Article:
Education: Constructing School Kitchens in Peru

This is a re-post from the Detroit Zoological Society’s Blog from May 3, 2016.

 https://detroitzooblog.org/2016/05/03/education-constructing-school-kitchens-in-peru/

During the second week of our visit to Peru as part of the Adopt-A-School program, we continued to deliver donated school supplies to our final eight communities along the Amazon and Napo rivers. Students and teachers received pens, pencils, rulers, notebooks, textbooks and more that will assist with making learning accessible and achievable. The students showed their appreciation for this invaluable academic support by thanking the volunteers and giving presentions and cultural performances, many of which include ecological messages.


  • Children must go to school regularly
  • Conservation and preservation of the Amazon Rainforest must be standard community practice
  • Communities must be kept clean
  • Productive projects such as medicinal gardens or crops must be maintained in community spaces

Creating reverence and respect for the natural world starts in childhood, is re-enforced through schools and grows into adulthood. In some of the long-standing Adopt-A-School communities, some former program participants now have children within the program, further expanding conservation and preservation as a family value.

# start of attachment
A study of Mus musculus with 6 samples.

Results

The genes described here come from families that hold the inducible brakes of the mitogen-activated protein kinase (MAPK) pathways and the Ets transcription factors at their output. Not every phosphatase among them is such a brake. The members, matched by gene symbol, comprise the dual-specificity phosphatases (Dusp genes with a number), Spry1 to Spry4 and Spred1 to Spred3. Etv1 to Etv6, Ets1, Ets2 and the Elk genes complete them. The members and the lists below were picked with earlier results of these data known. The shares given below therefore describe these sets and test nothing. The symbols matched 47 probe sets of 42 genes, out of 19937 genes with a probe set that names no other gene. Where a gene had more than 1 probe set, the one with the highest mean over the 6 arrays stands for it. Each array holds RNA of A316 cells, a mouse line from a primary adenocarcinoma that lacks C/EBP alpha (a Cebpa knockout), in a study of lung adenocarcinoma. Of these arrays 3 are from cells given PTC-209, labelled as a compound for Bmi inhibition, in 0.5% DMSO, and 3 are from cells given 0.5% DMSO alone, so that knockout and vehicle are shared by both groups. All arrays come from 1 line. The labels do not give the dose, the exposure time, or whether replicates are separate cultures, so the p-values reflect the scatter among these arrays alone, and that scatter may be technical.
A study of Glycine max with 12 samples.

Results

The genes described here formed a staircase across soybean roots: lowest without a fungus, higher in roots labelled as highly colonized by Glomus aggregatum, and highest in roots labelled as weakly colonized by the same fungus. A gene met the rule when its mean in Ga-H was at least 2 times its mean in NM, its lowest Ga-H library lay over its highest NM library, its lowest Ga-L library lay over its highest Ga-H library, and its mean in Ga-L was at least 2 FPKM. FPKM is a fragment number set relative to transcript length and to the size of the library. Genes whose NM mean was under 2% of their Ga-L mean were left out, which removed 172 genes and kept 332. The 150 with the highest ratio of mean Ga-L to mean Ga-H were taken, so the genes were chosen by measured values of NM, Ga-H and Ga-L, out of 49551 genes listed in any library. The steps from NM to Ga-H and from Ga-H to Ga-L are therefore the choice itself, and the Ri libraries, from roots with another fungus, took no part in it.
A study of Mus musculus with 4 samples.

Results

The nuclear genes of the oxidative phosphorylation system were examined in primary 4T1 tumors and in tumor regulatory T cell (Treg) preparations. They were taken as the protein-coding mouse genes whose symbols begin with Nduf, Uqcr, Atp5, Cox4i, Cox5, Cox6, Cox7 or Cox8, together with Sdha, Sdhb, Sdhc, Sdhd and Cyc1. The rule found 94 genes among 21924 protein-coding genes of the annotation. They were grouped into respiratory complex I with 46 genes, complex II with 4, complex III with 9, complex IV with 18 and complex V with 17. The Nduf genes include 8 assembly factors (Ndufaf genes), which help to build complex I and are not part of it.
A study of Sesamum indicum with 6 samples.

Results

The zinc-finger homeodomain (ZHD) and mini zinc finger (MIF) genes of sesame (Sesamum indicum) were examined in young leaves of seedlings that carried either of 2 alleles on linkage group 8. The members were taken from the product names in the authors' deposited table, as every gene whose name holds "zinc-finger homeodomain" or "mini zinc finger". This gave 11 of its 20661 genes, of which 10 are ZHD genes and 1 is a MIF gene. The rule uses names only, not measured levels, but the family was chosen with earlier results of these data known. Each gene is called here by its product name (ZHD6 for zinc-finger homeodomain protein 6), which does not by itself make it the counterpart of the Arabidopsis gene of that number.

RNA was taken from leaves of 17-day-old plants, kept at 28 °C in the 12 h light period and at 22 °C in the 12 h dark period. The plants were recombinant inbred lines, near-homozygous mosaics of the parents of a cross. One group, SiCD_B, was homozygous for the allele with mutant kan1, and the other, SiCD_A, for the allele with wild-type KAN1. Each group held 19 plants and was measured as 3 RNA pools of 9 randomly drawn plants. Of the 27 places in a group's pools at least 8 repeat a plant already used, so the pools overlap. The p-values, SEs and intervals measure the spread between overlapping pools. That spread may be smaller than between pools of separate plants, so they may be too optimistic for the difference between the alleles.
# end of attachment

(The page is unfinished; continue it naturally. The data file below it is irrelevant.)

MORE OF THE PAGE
– Adam Dewey is an education specialist for the Detroit Zoological Society.

Education: Preserving the Rainforest, One Child at a Time

This is a re-post from the Detroit Zoological Society’s Blog from April 25, 2016.

 https://detroitzooblog.org/2016/04/25/education-preserving-the-rainforest-one-child-at-a-time/

We’re off to Peru for the 24th year of Adopt-A-School, a program that empowers the citizens of the Amazon rainforest to conserve and protect this globally vital ecosystem.

For this journey, I am joined by fellow Detroit Zoological Society Education Specialist Ben Connor Barrie and 20 volunteers from the U.S., Canada, and as far as Australia. We will be making deliveries of school supplies to communities along the Amazon and Napo rivers.




For more information on Adopt-A-School donations and volunteer opportunities, please visit http://detroitzoo.org/support/give/adopt-a-school.

– Adam Dewey is an education specialist for the Detroit Zoological Society.